LBB: What do you think is the difference between a strategist and a planner? Is there one?
Often, I think it’s just semantics and what a company chooses to use. I’ve never seen the title of ‘planner’ outside of traditional advertising and media agencies and the title of ‘strategists’ seems to have come into marcomms more recently as the discipline has broadened.
And which description do you think suits the way you work best?
I gravitate towards ‘strategist’ because I think of strategy as very focused on establishing the key problem and then providing clarity on what success looks like. As opposed to having a predetermined answer, channel or discipline in mind.
We’re used to hearing about the best creative advertising campaigns, but what’s your favourite historic campaign from a strategic perspective? One that you feel demonstrates great strategy?
Having spent a few years at Channel 4 it will always have a very special place in my heart. So I watched with admiration when I saw the Superhumans campaign for the 2012 Paralympics. It was clearly creatively brilliant, but I think it was also strategically perfect. The idea of turning the portrayal of disability from pity, to admiration and empowerment, was superb.
When you’re turning a business brief into something that can inform an inspiring creative campaign, do you find the most useful resource to draw on?
Ultimately I think the inspiration for a particular brief is highly unlikely to come at the time you’re working on it. It will be something you saw, read, experienced some time before. That’s why it’s so important to be constantly interested in the world. When you start working on a brand, inevitably you will uncover insights and a new perspective on that brand, but the creative and strategic richness comes from cultural insight. The perfect cultural insight appearing at the time of the relevant brief is the sort of perfect serendipity that I’ve rarely experienced.
What part of your job/the strategic process do you enjoy the most?
Digging beneath the client brief to uncover the real problem. I like to be like the child that constantly asks ‘Why?’, often to the annoyance of clients and colleagues. Only when I genuinely believe I understand what the true problem is can I start working on the strategy to solve it.
What strategic maxims, frameworks or principles do you find yourself going back to over and over again? Why are they so useful?
I wouldn’t say it’s anything as grand as a maxim, but the most important question for me is ‘Why should anyone care?’. Care about this product, care about this idea, care about what we want them to do. There’s a danger to think that ‘consumers’ are this mythical group waiting for our commercial messages. Clearly they aren’t. If we and our clients can get to the heart of why people should care then we have something genuinely powerful. If we can’t then Clients should save their money. Beyond that, our proprietary approach at The Park is centred around the idea of Brand Proof; we look for what it is that a brand needs to prove to unlock growth, and then help them do that in a creatively compelling way.
What sort of creatives do you like to work with? As a strategist, what do you want them to do with the information you give them?
I like working with any creative that is good at creating brilliant ideas! Ultimately, the relationship works best when I can provide stimulus, thoughts, and provocative questions to spark ideas. My strengths lie in establishing a clear problem and a cultural context but in a logical way. Brilliant creatives are illogical, they see the world differently. Combining those two approaches can be really powerful. Beyond that, I think it’s seeing the relationship as a partnership.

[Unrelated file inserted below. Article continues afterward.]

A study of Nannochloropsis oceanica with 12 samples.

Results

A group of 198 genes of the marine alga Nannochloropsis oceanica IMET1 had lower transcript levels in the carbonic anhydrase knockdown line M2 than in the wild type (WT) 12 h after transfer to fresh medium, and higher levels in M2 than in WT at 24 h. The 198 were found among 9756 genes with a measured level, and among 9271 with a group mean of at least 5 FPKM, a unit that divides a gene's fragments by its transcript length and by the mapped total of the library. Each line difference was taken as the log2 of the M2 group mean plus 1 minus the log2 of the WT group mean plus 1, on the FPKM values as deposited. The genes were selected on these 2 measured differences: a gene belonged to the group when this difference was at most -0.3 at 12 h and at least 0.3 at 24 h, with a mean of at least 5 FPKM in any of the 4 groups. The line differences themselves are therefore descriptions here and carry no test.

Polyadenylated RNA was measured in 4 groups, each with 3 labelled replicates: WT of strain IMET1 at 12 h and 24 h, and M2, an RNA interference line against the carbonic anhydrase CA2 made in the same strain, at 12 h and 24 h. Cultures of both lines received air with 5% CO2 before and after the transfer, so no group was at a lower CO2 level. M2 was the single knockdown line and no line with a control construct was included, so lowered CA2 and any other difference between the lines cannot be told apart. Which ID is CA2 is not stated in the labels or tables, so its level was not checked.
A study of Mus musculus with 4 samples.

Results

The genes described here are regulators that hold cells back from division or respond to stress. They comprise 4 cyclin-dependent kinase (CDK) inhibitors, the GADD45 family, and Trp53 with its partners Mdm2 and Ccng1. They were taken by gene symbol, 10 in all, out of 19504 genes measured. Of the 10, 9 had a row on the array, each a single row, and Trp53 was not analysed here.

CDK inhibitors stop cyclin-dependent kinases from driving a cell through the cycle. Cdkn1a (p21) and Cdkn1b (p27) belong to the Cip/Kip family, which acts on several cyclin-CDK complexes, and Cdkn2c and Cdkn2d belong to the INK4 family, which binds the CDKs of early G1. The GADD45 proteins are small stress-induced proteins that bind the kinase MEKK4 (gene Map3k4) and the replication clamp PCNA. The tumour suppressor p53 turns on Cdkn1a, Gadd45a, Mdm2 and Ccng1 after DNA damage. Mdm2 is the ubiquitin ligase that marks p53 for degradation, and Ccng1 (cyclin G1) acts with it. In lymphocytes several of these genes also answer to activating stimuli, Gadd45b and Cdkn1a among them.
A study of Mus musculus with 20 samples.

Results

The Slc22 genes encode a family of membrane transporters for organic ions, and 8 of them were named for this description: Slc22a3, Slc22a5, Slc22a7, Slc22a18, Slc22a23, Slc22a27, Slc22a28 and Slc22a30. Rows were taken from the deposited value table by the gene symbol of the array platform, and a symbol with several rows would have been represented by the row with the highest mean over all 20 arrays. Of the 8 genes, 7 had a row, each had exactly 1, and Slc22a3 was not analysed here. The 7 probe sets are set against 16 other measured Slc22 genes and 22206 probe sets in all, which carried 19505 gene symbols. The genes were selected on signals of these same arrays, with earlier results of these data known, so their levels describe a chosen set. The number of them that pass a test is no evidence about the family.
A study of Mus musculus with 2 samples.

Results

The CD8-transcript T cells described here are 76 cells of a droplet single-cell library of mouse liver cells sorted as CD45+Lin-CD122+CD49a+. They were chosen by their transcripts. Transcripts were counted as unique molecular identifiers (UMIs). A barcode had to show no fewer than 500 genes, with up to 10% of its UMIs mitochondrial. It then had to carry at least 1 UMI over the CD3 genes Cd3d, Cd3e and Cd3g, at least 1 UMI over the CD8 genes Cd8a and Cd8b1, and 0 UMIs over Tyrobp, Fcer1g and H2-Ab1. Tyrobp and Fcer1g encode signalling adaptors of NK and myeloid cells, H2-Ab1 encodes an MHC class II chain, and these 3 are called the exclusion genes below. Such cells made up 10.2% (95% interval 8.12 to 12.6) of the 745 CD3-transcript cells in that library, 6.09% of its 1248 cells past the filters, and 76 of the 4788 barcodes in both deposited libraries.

There’s a negative stereotype about strategy being used to validate creative ideas, rather than as a resource to inform them and make sure they’re effective. How do you make sure the agency gets this the right way round?
It helps being a co-founder of the business! But it’s still hard. I think the key is allowing enough time for genuine strategic development and being rigorous about creative reviews. Developing strategy on the back of a creative idea is not always a bad thing though. Sometimes a creative spark can present the problem in a different way and strategy can be used to test the hypothesis. I like that as it means the strategic/creative relationship is more fluid and less linear.
What have you found to be the most important consideration in recruiting and nurturing strategic talent? And how has Covid changed the way you think about this?
Strategists by their nature are inquisitive people and this needs to be nurtured. Ensuring they have enough time to read, watch, listen, visit to keep their minds sharp and culturally connected is key. As I mentioned before, it’s not a case of receiving a brief and looking for inspiration, it’s about constantly filling a bank of interesting thoughts that you can dip into when needed.
In recent years it seems like effectiveness awards have grown in prestige and agencies have paid more attention to them. How do you think this has impacted on how strategists work and the way they are perceived?
I’m not sure it’s made any difference. Good strategists and planners have always been interested in effectiveness. Whether it’s awarded or not.
Do you have any frustrations with planning/strategy as a discipline?
Planners and strategists are always frustrated, it’s part of the job! I think my main frustration is client briefs that are overly prescriptive and with short timelines. This means strategy gets squeezed out of the process. But that’s not solely the fault of clients. Agencies need to push back and also demonstrate the value of the discipline.
What advice would you give to anyone considering a career as a strategist/planner?
Be genuinely interested in the world and the rest will fall into place.
Originally published on Little Black Book.